A recent study by a conservative market research group called the Frontier Lab explains that Republicans have been leaving the party in droves because they are tired of being told to vote “for the lesser of two evils.” As someone who tries to be civically engaged, I have heard this argument described more often than I care to think about. Our last two Presidential candidates have epitomized this very theme – both McCain and Romney were unpopular in general with Republicans, but somehow were able to secure the Presidential nomination. How?
The study found that the “lesser of two evils” argument was the first of four basic events that conspired together to cause both conservative and moderate Republicans to leave the Party.
The second reason was a “loss of hope in the GOP”, fed largely by a view that the GOP had become too similar to its opponents. Consider the two Party’s stance on foreign policy over the last decade or so. There are more similarities than differences, even if the two sides continue to argue over semantics. Or how about on the NSA scandal? Politicians from both parties have rushed in to defend the NSA. Voters who have lost hope in the Party also tend to feel that their candidates have “let them down” – usually happens when politicians are seen as compromising Party principles.
Affiliation with a new community was the third important event that precipitated a person’s exodus from the Party. Recently, this has been driven by the growth and popularity of the Tea Party movement. At this point, the person has feelings of disconnection from the Party and finds that sense of belonging with an outside group.
The last event is an “incident of perceived betrayal by the GOP”. This sees the voter turning against what they call the “establishment” of the Party. Voters here tend to support strong non-establishment candidates. At this point, the person becomes strongly connected to certain non-establishment candidates, and when the GOP makes light of those candidates, the voter feels personally attacked or betrayed.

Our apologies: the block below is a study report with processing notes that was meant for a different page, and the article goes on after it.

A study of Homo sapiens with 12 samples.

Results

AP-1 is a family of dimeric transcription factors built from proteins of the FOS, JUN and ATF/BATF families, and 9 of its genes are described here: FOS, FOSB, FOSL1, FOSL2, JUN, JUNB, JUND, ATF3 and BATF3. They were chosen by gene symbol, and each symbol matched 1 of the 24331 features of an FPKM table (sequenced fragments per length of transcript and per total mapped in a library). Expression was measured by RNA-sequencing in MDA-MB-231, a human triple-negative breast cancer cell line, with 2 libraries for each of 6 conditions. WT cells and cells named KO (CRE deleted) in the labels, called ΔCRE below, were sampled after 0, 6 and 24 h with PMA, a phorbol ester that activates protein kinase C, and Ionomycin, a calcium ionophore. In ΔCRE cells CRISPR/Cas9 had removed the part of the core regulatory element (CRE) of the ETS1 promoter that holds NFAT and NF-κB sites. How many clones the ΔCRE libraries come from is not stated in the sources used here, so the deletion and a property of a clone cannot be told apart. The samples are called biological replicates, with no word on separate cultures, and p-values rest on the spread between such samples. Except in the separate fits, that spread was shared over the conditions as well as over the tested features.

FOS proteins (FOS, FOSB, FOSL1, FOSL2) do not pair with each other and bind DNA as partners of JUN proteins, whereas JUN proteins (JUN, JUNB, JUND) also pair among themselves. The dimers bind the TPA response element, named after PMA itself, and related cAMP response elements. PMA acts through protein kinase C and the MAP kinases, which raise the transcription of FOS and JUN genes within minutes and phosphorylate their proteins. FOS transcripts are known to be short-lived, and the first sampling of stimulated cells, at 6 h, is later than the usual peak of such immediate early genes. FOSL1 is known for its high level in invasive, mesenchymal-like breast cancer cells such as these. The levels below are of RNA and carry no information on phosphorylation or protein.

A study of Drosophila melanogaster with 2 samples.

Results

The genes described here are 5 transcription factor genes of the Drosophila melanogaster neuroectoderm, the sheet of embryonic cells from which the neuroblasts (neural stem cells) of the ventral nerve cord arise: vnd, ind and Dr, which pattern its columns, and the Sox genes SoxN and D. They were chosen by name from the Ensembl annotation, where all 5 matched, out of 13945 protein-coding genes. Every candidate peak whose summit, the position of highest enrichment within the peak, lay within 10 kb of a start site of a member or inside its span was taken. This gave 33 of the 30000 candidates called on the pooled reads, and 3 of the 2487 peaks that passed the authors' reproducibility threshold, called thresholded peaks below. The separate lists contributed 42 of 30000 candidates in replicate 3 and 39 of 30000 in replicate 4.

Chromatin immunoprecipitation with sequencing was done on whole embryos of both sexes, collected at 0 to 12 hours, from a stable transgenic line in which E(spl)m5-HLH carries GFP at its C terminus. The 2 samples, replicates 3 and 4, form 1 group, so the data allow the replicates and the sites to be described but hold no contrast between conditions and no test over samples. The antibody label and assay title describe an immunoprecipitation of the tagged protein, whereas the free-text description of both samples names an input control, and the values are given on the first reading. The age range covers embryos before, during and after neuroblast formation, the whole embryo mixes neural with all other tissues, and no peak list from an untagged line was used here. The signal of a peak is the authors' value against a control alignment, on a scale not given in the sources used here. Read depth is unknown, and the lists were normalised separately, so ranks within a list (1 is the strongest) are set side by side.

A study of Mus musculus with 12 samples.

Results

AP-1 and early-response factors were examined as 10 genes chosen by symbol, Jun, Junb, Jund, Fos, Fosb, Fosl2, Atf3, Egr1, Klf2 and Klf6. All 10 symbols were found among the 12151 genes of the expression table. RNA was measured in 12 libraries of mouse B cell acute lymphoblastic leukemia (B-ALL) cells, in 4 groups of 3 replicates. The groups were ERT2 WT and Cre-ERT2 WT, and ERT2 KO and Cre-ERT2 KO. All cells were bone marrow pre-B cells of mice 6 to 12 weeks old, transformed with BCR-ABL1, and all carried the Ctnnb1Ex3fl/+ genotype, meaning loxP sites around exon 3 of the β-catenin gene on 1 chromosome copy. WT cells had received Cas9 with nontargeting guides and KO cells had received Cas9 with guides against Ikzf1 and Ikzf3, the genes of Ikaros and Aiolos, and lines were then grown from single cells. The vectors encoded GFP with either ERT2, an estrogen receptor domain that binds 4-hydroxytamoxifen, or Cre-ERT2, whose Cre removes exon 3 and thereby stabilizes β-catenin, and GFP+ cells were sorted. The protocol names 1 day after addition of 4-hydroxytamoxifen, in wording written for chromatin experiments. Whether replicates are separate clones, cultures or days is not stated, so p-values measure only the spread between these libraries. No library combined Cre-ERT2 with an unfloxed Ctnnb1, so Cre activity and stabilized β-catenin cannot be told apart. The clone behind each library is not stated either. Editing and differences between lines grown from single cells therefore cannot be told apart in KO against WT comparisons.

The study in and of itself could lead many within the GOP to being very worried about what the future holds, because the basic descriptions of these events is becoming emblematic of more and more Republicans.
However, there is good news within the study as well. The folks at Frontier Lab believe that it might not be very difficult to correct these negative associations and bring some of the disaffected voters back into the fold. All of the ways to fix the problem relate back to the core issues; begin articulating principle based decision making plans, lose the Buckley rule – which says nominate the conservative with the best chance to win– lose the establishment and get back to leading on principle, highlight principled conservatives working within the GOP, and build community.
So, there are answers to fixing the problems of the GOP ‘exodus”, but the real question is will the establishment go along with the fix? The Frontier Study shows where we have gone astray, and is a road map for future success. I’m just not sure the GOP leadership is willing to do what it takes to really solve the problems.